In most cases, a soft tissue sarcoma—one of the most common forms of skin cancer in dogs—is often treatable with removal followed by radiation therapy.
But for a dog like Oakley, who has only three legs, when a cancerous mass was found on his right and last front leg, it was life threatening.
Fortunately, Oakley and his owner, Rachel Schneider, a fourth-year veterinary student at Washington State University, had access to one of just two facilities in the Pacific Northwest capable of providing radiation treatment to animals – WSU’s Veterinary Teaching Hospital.
Today is CougsGive, and WSU’s oncologists are hoping to raise enough money to purchase a new linear accelerator, or LINAC, which will allow for even more accurate and safer treatments for animal patients with cancer. With the new machine, radiation can be better directed to the tumor while protecting surrounding healthy tissues, and because the dose rate can be better moderated, it will reduce treatment time for pets like Oakley.
News of Oakley’s cancer was difficult for Schneider, a veterinary student strapped for cash and well invested in the mixed-breed dog she rescued eight years prior.
Schneider adopted 5-month-old Oakley while she was participating in a volunteer animal surgery clinic in Central America.
“At about four weeks he was hit by a car and there was major trauma to his elbow and forearm, and so he lived with a leg that he couldn’t use for nearly four months,” she said. “When he got to us there wasn’t much that could be done to repair his leg, so we amputated the leg at the humerus.”
Scrubbing in using rainwater via an old margarine bucket, Schneider assisted with the surgery, which was a success. But following the procedure, Oakley’s owner never showed.
“I later found out that culturally if your animal is deformed or missing a limb it is a curse to your family,” Schneider said. “(Oakley) would have been put on the streets, but he is too friendly, he would likely be eaten by another street dog.”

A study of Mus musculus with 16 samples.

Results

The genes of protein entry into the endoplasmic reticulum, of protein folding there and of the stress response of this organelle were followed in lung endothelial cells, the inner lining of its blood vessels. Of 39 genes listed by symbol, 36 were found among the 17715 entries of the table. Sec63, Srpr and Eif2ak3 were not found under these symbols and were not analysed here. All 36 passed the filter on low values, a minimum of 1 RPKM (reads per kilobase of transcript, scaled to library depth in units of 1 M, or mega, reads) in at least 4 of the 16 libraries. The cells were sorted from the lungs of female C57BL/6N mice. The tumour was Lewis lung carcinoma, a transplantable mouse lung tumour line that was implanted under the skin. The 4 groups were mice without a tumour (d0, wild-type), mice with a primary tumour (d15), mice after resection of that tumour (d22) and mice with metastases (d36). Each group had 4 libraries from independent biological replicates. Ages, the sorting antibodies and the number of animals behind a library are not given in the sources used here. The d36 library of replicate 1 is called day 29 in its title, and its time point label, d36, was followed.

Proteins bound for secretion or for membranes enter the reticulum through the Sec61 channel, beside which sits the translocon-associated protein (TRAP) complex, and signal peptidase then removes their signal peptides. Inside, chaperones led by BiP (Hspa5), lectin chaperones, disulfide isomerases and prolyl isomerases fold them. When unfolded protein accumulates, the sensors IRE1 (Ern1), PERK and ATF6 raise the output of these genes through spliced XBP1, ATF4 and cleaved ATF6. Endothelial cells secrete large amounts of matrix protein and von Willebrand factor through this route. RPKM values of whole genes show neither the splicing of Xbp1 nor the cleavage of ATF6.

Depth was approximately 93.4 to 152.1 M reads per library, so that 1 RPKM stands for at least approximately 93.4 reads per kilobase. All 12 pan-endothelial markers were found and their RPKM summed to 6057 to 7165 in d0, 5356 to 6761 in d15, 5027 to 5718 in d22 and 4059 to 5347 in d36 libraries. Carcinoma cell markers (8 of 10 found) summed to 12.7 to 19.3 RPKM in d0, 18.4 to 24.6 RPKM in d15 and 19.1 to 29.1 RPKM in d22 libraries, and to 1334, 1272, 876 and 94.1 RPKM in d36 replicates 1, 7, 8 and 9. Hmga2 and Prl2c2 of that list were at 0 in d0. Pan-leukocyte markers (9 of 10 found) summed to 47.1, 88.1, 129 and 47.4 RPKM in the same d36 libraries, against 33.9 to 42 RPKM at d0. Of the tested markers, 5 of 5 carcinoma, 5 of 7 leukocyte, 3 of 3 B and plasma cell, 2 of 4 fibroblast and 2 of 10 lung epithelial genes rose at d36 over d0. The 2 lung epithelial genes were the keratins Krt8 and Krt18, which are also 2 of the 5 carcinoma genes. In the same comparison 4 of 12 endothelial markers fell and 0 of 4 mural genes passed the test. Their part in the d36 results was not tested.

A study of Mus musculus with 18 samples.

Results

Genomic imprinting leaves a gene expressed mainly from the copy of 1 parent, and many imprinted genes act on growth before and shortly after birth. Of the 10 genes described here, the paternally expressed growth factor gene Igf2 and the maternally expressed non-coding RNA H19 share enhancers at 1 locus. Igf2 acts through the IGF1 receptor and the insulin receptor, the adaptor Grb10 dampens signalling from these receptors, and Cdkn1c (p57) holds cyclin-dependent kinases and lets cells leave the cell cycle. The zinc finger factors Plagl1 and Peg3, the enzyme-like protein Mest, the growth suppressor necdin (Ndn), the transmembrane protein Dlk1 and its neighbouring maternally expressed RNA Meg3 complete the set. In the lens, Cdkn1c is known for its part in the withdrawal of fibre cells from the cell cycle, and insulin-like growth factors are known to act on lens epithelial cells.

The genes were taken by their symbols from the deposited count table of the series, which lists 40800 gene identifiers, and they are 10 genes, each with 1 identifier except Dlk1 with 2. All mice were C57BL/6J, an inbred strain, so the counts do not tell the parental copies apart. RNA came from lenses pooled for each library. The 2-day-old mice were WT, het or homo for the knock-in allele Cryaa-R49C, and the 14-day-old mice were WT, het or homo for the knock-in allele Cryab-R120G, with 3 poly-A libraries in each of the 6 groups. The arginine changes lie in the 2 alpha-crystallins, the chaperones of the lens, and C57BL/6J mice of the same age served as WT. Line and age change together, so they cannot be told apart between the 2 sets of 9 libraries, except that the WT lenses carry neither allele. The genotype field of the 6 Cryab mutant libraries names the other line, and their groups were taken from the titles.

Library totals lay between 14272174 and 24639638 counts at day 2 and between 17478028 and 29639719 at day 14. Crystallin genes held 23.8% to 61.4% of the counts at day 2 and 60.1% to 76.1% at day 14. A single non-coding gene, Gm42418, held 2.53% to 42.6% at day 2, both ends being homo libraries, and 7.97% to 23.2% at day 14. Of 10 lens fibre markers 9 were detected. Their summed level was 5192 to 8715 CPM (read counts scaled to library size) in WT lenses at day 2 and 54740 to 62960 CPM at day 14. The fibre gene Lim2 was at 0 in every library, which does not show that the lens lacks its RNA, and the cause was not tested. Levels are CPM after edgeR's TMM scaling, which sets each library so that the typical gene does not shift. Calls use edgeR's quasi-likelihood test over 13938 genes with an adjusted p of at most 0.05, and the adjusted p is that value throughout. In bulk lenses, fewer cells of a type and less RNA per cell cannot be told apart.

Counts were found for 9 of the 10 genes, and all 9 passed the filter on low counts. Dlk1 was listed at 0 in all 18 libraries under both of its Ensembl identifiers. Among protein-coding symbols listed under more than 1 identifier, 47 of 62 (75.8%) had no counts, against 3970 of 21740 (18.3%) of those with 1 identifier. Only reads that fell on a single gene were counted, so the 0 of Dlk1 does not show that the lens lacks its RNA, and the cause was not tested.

So, when she boarded the flight home to Edmonton, Canada, the decision was easy – she took Oakley with her.
It took eight years for Oakley to have his next medical problem – that cancerous lump on his right front leg.
A surgery was performed to remove the mass, followed by five radiation treatments in 10 days to rid any cancerous cells that may have been leftover.
Prior to the surgery, Oakley had been confirmed to be a slow metabolizer of anesthetics. This created another challenge – an increased risk of complications or even death.
“As a student, and having no income, I wasn’t sure what I was going to do, plus anesthesia was a big risk for him,” Schneider said.
Schneider moved forward with the surgery, but she didn’t have to stress about finances for long. Unbeknownst to her, a friend she developed at WSU had posted about Oakley online. Within six days, Oakley’s $2,200 in remaining medical costs were covered all the way through a six-month checkup.
“The next day I got a call from reception saying there was some confusion if the system was working properly because every online payment was going to Oakley,” Schneider said. “Students, faculty, even my past clients donated. They said, ‘you saved my dog, I want to help you save yours.’”
And so, they did.
“It was totally unexpected,” Schneider said. “I’m so grateful for WSU; I completed my first three years of veterinary school at St. Matthew’s, and I’ve been here less than a year, but the students, faculty, and staff treat me as if I’ve been here for the entire ride.”